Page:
MonsterBag Review – A Test of Patience (Vita)
I have a confession to make. When I first saw a trailer for MonsterBag, I didn’t quite get it. All I could gather from the clip was that it looks cute and has a bit of a goofy story attached to it. But I was certainly intrigued by what I saw. Brought to us by Chilean developer IguanaBee, MonsterBag is a puzzle action game featuring a little blue monster called V, and his owner/friend Nia. The game follows V’s journey as he tries to reunite with Nia while accidentally starting an apocalypse that results in him encountering strange things, people, and creatures along the way.
The in-game world is a cruel place for monsters. The second V is spotted by people or creatures, he gets killed in some of the most brutal ways that you can think of. Therefore, players have to sneak past everyone to get to Nia while undertaking a variety of challenges simultaneously. MonsterBag can seriously test your patience at times.
Get On With It
Let’s get one thing out of the way; if you get frustrated easily, MonsterBag isn’t for you. There are no tutorials to spoon-feed players, and the second you hit the start button, you’ll be thrown straight into the game with little guidance about what you’re supposed to do. In a way, it reminded me of old-school puzzle games in that you get on with it, and things can get tough. I spent a little bit of time trying to figure out what the heck I was doing and why, but once I got the hang of it, I was hooked and I struggled to put my handheld down.
Players have to use the d-pad to move V from left to right, or right to left, depending on the stage. The touchscreen is used to pick up items of use and to fling them towards targets, and the right analog stick is used to move the camera around. Sneaking V past people and creatures isn’t as easy as it sounds, especially during later stages. Certain characters have the ability to spot monsters and are actively looking out for them so players have to avoid their gaze at all times.
A Test of Skills and Patience
It’s hard to describe the type of puzzles that MonsterBag contains in one sentence. Some of the puzzles are noticeably inspired by pattern recognition and sequence questions found in aptitude and IQ tests. These are the stages that I personally enjoyed the most. Other stages seemed to be less about puzzle-solving per se, and more about timing. Admittedly, I got through some stages simply by trial and error rather than logical thinking.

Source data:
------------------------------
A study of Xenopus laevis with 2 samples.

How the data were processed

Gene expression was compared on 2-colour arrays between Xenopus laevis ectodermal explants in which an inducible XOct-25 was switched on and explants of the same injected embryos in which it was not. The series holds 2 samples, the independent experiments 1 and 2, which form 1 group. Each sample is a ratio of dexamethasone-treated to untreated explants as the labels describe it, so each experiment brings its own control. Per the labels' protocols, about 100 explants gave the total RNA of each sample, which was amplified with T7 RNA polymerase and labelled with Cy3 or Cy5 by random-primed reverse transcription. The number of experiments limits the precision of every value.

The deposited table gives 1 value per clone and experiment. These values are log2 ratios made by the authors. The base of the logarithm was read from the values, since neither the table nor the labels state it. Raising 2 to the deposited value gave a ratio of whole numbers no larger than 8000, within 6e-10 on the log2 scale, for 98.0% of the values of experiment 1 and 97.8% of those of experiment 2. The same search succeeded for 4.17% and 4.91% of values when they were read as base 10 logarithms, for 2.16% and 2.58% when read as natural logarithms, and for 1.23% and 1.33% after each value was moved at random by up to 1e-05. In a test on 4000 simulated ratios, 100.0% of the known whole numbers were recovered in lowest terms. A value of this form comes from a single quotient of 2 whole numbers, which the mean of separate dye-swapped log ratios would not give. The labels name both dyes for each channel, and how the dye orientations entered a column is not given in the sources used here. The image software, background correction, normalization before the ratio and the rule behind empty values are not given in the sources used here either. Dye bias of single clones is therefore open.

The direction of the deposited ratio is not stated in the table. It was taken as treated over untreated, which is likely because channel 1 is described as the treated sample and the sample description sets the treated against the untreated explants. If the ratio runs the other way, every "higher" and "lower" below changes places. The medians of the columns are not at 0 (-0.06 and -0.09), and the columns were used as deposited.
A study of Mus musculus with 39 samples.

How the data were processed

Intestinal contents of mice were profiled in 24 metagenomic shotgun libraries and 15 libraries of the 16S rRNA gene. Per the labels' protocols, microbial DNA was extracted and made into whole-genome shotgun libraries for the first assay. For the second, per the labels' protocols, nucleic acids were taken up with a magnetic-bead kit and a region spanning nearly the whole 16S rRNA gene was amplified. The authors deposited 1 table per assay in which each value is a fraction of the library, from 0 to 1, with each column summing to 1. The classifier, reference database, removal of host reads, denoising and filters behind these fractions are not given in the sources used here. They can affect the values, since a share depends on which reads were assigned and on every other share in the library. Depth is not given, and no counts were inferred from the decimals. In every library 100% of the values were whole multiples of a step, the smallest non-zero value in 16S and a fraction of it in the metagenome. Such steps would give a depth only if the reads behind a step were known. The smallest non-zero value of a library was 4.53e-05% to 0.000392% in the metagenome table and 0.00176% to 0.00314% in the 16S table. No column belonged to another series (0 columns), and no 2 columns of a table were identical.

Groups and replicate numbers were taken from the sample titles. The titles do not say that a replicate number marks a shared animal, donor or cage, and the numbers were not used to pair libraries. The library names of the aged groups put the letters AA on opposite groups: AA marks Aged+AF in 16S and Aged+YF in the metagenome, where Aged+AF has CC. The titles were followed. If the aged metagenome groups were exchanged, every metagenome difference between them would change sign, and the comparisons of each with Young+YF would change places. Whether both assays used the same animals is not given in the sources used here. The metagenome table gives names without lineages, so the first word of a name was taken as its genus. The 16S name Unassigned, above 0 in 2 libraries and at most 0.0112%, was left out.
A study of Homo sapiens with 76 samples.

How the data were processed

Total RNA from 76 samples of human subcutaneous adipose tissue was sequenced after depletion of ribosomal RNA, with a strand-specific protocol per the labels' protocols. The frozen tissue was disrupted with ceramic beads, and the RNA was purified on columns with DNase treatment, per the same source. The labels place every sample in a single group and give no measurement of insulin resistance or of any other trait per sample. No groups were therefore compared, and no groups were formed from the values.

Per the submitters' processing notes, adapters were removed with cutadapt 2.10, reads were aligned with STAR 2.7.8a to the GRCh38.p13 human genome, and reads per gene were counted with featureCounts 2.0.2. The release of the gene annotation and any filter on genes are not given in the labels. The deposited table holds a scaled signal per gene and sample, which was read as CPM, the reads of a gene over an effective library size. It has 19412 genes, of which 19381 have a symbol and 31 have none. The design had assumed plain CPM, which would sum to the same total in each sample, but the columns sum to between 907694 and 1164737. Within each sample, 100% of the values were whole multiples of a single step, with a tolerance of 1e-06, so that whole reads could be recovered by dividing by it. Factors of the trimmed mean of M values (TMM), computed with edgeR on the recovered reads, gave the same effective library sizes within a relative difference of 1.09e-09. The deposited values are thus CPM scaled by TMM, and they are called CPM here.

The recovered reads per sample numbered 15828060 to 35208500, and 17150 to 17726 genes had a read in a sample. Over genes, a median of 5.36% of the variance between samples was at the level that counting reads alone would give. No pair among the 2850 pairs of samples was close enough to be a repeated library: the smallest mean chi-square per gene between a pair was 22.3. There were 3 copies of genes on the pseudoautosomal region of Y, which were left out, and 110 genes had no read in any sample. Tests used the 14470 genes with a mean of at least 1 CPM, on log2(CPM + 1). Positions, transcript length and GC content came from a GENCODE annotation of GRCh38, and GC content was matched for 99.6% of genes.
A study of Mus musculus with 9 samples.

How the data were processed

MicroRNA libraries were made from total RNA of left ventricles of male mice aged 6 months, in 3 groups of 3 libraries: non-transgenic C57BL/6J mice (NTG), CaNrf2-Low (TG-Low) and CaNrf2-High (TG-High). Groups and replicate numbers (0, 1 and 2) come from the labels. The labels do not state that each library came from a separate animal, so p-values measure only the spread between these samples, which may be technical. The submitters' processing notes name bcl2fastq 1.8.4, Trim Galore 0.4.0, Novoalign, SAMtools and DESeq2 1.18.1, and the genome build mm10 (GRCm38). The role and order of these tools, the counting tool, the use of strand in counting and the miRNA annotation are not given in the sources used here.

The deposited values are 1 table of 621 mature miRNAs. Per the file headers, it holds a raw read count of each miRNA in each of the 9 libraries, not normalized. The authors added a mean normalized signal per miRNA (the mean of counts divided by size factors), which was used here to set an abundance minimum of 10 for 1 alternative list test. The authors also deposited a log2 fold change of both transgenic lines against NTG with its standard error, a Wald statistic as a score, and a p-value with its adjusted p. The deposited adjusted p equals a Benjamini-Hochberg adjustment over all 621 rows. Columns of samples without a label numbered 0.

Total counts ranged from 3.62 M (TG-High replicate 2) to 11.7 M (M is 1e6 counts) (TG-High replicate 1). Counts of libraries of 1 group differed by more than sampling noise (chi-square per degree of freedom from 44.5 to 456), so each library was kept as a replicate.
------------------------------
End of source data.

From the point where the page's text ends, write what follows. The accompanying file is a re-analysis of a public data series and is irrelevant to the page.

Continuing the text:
MonsterBag gets frustratingly challenging in some parts, particularly when players are required to solve puzzles, time moves, and avoid death all at the same time. But where the frustration results from a flaw in the game is when it’s all down to chance. Some stages seemed to be dependent on the player’s luck rather than skills, and those stages can be very tedious to get through. However, beating them does feel equally rewarding, and I appreciate IguanaBee for putting in the effort to make something unique and original.
Unfortunately, however, there is a bit of repetition towards the second half of the game, which makes it seem like the developer ran out of ideas. The game is short so the repetition is slightly disappointing to note. If puzzles are your thing, MonsterBag shouldn’t take you more than 2-3 hours to beat. There are 18 stages in total (and a credits stage), and I managed to unlock the final stage within five hours. However, you can prolong your time with the game if you wish to climb up the leaderboards by clearing out stages as quickly as you possibly can.
There’s Always Room for Eccentricity
MonsterBag comes with a Teen rating, which might surprise some people. But the game’s dark and gritty world warrants it. Death is inevitable, and you’ll find yourself getting shot at, stomped on, and sliced up in a variety of ways.
While describing the game, IguanaBee gave us the simplest version of the story but it’s a lot more than a monster trying to reunite with its friend. A lot of the story is open to interpretation, and I probably have a different understanding of it than the next person. Instead of spoiling it, I’ll let our readers come up with their own version. That said, I think the story would have enhanced my overall experience had it been narrated verbally or through text. There were parts in the game where I was solely concerned about getting through rather than looking around and figuring out what was going on.
MonsterBag‘s art style, presentation, and soundtrack are commendable. Its weird and eccentric world drew me in to the point where I attentively watched all of the un-skippable cut-scenes out of curiosity. Usually, I’d moan about not being able to skip them, and I’m sure this will annoy some folks, but the only time I had an issue with it was when I’d have to restart a level and watch the whole shebang again. Sadly, death isn’t the only reason I had to restart certain stages. I encountered a few odd bugs, and one of them resulted in my character freezing, requiring me to start the level again.
MonsterBag isn’t a game for everyone and there’s nothing wrong with that. Its uncanny nature makes it a pleasure to play, and the challenge it poses makes it rewarding to beat. Those who enjoy competition can take it a step further by submitting their results to the leaderboard and beating other players. On the other hand, the game suffers from a few odd bugs and a little bit of repetition – the latter of which is also a problem because the game is short. All these factors do put a bit of a damper on an otherwise good game that’s worthy of praise.
Note: MonsterBag costs $9.99 but is currently free for PlayStation Plus subscribers via the April 2015 Instant Game Collection.
A review code for MonsterBag was provided by Sony. For more information on scoring, please read our Review Policy here.